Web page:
When it comes to success, sometimes we can be our own worst enemies. And nowhere does this ring truer than in the workplace.
With factors like impostor syndrome and self-doubt coming into play, it's easy to feel insecure about our roles in the companies we work for. As a result, we sometimes choose stagnation and making ourselves small as a means to feel safe and secure; not realizing that growth is right outside our comfort zones.
What we believe becomes our realities, and while you're busy allowing yourself to be led by limiting beliefs, your growth and your career will remain squarely in neutral. Subconsciously limiting your potential hinders your progress. Your boss's recognition? Your promotion? They are on the other side of a toxic mindset. Here are a few mindsets keeping you stunted in the workplace and affirming mindsets to replace them with.
“But I'm doing this already.”
I can't tell you how many times I've rolled my eyes in the past because a manager's sense of urgency somehow became my emergency. The kicker would be that I felt like it was an urgent task that gave me deja vu vibes. In one way or another, the document that he/she asked for, the assignment that needed doing, or the report that needed filing was something I had done a week or so ago and I was too prideful to oblige. It'd get done, but with a whole lot of neck-rolling, teeth smacking, and side-eyeing and under-the-breath vent sessions -- on the low, of course.
Energy is everything and even though things would get done in the end, how I went about it was negative AF. So it'd be a wonder when that energy would return to me tenfold. Whether it be the rightfully passive aggressive nature of my then-employer, being overlooked for an opportunity or an unexpected layoff during a company merger. Suffice to say, the lesson is that having a can-do attitude (even when tasks feel redundant) is the difference between securing the next-level bag and staying at a plateau.
Replace it with: "I'm ready, competent and fully capable. I'll get on that right away."
“Well, this is how I usually/always do things.”
Playing it safe is the most slept-on way to stunt your growth. Be it your personal life or your work life, relying too heavily on old ways instead of rising to the occasion of taking on new challenges is counterproductive. Maybe you have to take on a new task that wasn't initially in your job description. Maybe your boss wants you to switch up the way you tackle filing or reports. Maybe she/he wants you to approach your cold calls in a seemingly new and improved way.
You could protest that it's not the way you've typically done things. You could even say that the way you've been doing things has worked so well, so why change them now? But, you would be wrong. What you might not even realize is that your negative mindset is working against you. You know what they say, the devil's in the details and if you want to succeed in life and in your career, view change as an opportunity to adapt and level up instead of as a hindrance.
Replace it with: "I welcome the growth potential of a new challenge."
“I don’t deserve to be here.”
Sometimes it's not even a matter of feeling above doing day-to-day operational tasks, and instead is all about feeling inadequate in your position overall. A lot of us in the workplace channel this through minimizing ourselves within our performance, not speaking up during meetings, feeling an impending sense of doom that people will realize you don't know what the fuck you're doing.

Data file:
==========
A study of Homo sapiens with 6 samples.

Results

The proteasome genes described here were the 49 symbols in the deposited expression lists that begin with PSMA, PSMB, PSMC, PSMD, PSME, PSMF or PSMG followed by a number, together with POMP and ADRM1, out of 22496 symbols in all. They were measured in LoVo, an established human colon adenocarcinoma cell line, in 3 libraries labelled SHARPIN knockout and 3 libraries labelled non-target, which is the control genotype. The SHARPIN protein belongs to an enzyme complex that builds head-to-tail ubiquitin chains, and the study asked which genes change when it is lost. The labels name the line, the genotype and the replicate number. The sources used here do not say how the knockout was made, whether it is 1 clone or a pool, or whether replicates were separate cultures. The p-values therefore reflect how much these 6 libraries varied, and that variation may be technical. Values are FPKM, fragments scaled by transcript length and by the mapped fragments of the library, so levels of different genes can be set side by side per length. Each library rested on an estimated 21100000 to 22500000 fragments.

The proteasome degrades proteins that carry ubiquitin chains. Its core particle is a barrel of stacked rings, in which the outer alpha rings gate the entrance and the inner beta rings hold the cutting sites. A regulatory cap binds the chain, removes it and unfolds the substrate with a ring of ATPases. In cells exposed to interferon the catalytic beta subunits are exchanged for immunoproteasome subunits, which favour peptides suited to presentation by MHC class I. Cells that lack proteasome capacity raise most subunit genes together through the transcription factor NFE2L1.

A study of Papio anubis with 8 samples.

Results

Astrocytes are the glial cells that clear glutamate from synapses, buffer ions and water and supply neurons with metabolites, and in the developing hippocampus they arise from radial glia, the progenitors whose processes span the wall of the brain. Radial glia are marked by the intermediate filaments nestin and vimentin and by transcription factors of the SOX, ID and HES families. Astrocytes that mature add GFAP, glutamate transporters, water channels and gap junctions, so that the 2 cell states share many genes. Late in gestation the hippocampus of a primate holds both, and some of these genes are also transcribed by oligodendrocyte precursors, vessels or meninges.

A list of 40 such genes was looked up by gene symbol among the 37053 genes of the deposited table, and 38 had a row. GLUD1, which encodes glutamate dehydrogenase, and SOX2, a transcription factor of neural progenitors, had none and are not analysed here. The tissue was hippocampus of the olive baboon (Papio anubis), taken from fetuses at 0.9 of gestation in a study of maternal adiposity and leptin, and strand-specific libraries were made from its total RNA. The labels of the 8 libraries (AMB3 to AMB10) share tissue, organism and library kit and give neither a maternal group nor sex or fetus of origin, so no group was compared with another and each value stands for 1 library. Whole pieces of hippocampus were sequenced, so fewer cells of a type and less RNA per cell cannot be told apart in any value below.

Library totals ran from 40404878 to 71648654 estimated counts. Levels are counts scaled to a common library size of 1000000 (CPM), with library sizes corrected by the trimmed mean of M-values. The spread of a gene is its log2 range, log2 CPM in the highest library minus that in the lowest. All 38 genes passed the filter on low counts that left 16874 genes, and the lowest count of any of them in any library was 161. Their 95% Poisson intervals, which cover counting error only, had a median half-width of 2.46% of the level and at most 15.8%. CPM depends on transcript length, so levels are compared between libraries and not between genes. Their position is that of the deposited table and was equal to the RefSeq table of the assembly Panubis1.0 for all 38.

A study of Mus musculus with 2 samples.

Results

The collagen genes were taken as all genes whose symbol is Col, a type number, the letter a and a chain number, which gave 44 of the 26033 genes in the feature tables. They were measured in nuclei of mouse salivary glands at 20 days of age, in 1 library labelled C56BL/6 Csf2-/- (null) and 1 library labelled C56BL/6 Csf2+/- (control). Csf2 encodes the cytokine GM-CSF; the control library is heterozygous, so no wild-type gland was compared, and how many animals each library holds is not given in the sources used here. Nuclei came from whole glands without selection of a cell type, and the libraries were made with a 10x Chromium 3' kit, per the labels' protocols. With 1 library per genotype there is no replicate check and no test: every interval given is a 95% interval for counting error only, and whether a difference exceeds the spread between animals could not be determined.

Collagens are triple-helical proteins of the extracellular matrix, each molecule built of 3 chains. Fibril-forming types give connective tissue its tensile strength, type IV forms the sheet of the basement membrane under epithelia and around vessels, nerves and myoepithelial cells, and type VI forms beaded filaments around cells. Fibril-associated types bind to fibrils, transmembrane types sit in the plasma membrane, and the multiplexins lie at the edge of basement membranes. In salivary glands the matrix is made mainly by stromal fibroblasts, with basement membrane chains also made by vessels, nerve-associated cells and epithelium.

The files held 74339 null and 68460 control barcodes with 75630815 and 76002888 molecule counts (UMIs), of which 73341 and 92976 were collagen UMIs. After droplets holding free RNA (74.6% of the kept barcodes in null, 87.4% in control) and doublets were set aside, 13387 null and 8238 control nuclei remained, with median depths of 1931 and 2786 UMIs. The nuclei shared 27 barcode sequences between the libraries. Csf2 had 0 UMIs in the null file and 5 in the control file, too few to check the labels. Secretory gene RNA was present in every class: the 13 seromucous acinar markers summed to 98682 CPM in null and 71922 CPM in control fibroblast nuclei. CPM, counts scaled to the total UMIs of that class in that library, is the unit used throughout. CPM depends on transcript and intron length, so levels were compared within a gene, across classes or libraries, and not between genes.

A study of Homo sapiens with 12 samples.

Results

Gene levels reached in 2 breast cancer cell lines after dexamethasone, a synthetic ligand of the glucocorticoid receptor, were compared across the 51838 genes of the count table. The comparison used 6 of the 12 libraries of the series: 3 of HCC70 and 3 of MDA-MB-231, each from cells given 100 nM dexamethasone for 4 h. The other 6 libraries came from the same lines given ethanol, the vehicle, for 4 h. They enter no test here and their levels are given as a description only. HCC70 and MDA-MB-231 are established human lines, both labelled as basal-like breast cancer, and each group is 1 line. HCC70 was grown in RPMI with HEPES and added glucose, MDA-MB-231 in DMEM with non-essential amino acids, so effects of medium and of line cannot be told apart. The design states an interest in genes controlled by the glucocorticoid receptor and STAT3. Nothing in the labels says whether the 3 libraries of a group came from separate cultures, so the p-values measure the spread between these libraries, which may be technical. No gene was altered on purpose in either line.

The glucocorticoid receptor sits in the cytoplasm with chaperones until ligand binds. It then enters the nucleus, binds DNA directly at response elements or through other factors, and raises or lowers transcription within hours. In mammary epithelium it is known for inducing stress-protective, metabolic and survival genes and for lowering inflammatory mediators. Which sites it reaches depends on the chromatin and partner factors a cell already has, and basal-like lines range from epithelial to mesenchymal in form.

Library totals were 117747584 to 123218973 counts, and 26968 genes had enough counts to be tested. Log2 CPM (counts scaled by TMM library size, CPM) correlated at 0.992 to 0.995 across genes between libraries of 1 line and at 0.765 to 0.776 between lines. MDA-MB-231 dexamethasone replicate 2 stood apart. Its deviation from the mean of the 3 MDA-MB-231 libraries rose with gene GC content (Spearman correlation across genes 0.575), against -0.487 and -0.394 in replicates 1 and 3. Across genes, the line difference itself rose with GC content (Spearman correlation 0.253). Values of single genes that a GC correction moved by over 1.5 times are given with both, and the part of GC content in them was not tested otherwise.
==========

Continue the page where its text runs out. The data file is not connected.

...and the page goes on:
You're there but you're not there and instead of owning the fact that you've rightfully aced your interview, got the job, and/or earned the promotion, you're left feeling like it's all a facade and you're a fraud. The latter is commonly known as impostor syndrome, something that an estimated 70 percent of Americans have reported experiencing.
In a 2018 interview with NBC News, psychologist Dr. Renee Carr attributed the phenomenon to individuals feeling "psychologically uncomfortable with acknowledging their role in their success" and that the discomfort is rooted in "pressures — from self or others — to achieve great success."
Minimizing yourself and diminishing your accomplishments to feelings of luck versus achievement is all too common in the workplace. Instead of asking "why me?" to your blessings, ask the Universe, "why not me?" Do your best to stop negative self-talk in their tracks and substitute feelings of undeservedness with worthiness.
Replace it with: "I am worthy and have earned my place here."
Lowkey, this goes hand-in-hand with the previous negative mindset. You can't? Why can't you? Oftentimes, when change comes up in our lives, the default response is to resist versus submit. And resistance doesn't just look like saying "no", most of the time resistance rears its ugly head in the form of self-defeat. You're assigned a new caseload or a new project and you doubt yourself from the jump by saying to yourself you can't because new challenges mean potentially leaving the secure space you've created in your comfort zone.
Whenever I feel overwhelmed because of tasks I haven't yet checked off my to-do list coupled by emails that seem to want my attention ASAP and then topped off by my boss needing me to put a last minute rundown of our analytics together, I want to succumb to "I can't" and throw in the towel. But I remember that I am a boss by playing my favorite track from The Carters', "NICE". The hook "I can do anything" is the ultimate mood and just the mantra needed to remind you of the fact that you're only as limited as your fear.
Replace it with: "I can do anything I put my mind to."
So, what do you say? Ready to kick some ass and take names by adopting these new mindsets?